Bitch-space: 29 Jan 2024

Welcome back to bitch-space. I’m almost done with the Collected Edition and isn’t that a relief. A few details to mop up with the book, the website to polish off, a bunch of videos to record… lets not think about it. The book is just about done, I’ll be able to send it to the printer this week.


Double yay.

After that, I’m editing Gamer. That is the next thing I’m going to mark of my to do list, before I get well and truly stuck into Woman in White.

On Woman in White… Tracy brought up the idea of the godly cultivation system and (shhh) people/readers getting all uppity about me not having a well-though-out one. I’m not really sure a) how worried I should be about that and b) what, if anything, I should do. I mean, I don’t want to worry/care about what readers may or may not think, that way lies indecision and madness brought about by critical voice, which is what Bitch-space is all about killing. Totally defeating the purpose. But, on the other hand there are several things in the idea/world building that are blank and which could be very useful for fleshing out the plot and threading everything together.

The question becomes, in the world of writing into the dark, where planning kills the critical voice, do I actually put any forethought into these holes are leave them there for the two-year-old to fill in, as we write the book?

How has that worked for me in the past? Cold Between is the prime example.

Kinda ok? Holes were filled in but was the process painful? Was the final result satisfactory? I’m not really sure.

What about D&B? There are plenty of holes in that, but I think I mostly knew the answers before I started? Actually, that’s a lie, I had no answers before I started, all the juicy bits came as I worked through the story. There were a lot of sticking points in D&B and it’s not finished yet, so the final result is still to be seen.

So… do I wait until I’m writing WiW? I mean, the two-year-old is going to be mulling over the idea anyway. I guess the answers will come in the between time.

I’m going with that.

On the cultivation aspect though… Talking with TJ about the middle books, the heroine’s “mortal” phase, that’s where she mentioned the whole cultivation aspect, how the heroine goes from her blank self to godhood… Does she cultivate? Not in the traditional sense. She was made to be what she is, and so it’s more a journey of discovery. She discovers who she is. Blank slate to god. God to the being that saves the univserse. There is growth but it’s growth of personality rather than growth of power.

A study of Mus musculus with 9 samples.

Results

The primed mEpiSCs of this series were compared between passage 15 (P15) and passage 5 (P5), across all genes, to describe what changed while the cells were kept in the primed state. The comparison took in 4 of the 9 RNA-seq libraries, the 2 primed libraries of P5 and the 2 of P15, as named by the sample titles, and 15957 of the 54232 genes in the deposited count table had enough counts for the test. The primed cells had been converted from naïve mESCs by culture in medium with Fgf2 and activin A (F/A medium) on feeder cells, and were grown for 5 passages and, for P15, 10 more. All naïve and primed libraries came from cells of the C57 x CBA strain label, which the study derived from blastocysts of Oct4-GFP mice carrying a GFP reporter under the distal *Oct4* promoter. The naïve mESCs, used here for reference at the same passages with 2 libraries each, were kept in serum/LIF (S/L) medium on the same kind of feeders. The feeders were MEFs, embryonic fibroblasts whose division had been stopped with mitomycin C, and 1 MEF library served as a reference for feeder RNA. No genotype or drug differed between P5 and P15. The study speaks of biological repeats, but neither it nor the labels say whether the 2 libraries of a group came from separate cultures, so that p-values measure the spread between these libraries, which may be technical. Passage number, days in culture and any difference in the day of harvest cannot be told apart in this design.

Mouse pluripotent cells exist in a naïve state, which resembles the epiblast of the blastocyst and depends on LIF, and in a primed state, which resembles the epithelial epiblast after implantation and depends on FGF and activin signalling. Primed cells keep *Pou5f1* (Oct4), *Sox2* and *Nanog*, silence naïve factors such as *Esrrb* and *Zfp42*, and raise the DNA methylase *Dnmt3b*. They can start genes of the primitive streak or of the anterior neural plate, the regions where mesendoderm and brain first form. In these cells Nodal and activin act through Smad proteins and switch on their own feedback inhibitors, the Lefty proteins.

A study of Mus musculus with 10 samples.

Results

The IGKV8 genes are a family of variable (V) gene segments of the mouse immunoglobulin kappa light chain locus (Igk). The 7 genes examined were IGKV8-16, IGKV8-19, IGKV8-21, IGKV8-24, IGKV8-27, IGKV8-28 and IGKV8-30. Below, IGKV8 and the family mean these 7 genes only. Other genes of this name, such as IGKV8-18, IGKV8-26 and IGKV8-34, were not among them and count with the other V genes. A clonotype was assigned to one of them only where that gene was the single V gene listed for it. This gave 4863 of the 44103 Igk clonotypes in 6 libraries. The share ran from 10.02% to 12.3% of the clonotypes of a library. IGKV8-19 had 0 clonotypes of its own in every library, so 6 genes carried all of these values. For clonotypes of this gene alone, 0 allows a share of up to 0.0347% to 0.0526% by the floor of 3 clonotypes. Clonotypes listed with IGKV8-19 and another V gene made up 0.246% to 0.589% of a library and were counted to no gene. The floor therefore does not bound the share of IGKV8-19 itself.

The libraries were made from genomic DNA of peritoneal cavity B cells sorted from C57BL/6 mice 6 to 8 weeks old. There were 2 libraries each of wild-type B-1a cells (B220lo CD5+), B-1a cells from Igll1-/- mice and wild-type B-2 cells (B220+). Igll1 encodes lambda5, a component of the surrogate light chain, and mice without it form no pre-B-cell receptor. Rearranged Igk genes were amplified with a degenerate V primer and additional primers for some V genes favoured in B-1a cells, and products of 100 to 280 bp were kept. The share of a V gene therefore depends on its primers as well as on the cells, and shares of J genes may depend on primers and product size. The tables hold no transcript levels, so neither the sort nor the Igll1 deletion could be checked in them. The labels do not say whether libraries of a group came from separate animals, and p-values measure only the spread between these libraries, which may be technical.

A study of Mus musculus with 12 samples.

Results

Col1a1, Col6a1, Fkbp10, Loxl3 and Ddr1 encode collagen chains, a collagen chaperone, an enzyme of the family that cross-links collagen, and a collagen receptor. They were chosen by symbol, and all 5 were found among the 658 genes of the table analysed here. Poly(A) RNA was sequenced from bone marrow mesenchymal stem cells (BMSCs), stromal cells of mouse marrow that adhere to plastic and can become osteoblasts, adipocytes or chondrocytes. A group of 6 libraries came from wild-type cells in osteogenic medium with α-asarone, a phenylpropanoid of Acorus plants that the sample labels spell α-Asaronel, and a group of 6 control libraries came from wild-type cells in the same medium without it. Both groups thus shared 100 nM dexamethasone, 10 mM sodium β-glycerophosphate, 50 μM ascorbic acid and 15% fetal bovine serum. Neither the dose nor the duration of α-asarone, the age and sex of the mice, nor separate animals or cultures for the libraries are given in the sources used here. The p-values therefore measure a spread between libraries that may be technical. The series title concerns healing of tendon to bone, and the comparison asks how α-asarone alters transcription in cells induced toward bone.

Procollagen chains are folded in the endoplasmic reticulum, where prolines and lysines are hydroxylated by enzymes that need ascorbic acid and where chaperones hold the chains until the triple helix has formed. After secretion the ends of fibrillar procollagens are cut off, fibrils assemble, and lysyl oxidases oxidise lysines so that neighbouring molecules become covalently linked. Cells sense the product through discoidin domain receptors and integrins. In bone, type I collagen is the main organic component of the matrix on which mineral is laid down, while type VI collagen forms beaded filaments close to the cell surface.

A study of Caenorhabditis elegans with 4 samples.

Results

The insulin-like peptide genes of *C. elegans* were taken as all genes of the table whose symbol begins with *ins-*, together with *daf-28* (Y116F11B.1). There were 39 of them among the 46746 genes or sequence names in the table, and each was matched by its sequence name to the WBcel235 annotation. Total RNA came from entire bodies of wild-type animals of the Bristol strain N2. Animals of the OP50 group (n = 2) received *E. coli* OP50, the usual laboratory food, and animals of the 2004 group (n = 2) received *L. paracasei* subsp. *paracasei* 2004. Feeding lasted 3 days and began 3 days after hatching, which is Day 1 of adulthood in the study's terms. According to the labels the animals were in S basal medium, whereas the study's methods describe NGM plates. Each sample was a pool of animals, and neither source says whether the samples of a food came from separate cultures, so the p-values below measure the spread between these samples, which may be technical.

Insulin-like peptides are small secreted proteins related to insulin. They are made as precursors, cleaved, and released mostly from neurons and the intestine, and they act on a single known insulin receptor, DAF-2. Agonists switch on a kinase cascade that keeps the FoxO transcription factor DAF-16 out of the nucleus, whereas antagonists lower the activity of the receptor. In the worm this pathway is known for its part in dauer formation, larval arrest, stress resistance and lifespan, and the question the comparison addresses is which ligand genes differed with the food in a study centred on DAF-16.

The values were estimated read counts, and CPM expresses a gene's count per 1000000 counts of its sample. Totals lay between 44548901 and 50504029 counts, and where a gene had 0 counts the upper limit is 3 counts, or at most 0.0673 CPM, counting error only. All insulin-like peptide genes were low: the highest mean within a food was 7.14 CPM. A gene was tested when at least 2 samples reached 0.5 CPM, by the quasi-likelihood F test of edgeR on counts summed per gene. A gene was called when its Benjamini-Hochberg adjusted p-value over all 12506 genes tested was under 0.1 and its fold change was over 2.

Don’t know how the eastern pantheon cultivates (if they cultivate, which I’m pretty sure they do), but I guess it’s going to be learning and practice. Does the Norse pantheon grow in the same fashion? They have a hereditary monarchy, but I guess the baby gods have to grow up, learn and comes into their powers as well. The only ones who don’t are the valkyries, they are made and shaped.

How does their time with Odin change them? Makes them angry, vengeful and warlike. Do not mess with these babes once they learn what they can really do. And that’s going to be the rub, what occupies the final third of the arc. Diverting the angry valkyries from their path of death and destruction. Odin has subverted them and in so doing brought about a bigger calamity, one that requires both east and north pantheons to solve, before they all die.

I like that.

Why then, does the power who created the valkyries give them to Odin? OR how does Odin acquire them? Is there another plot here? What other interesting knots can we tie the characters into?

Featured image by Ravi Palwe on Unsplash.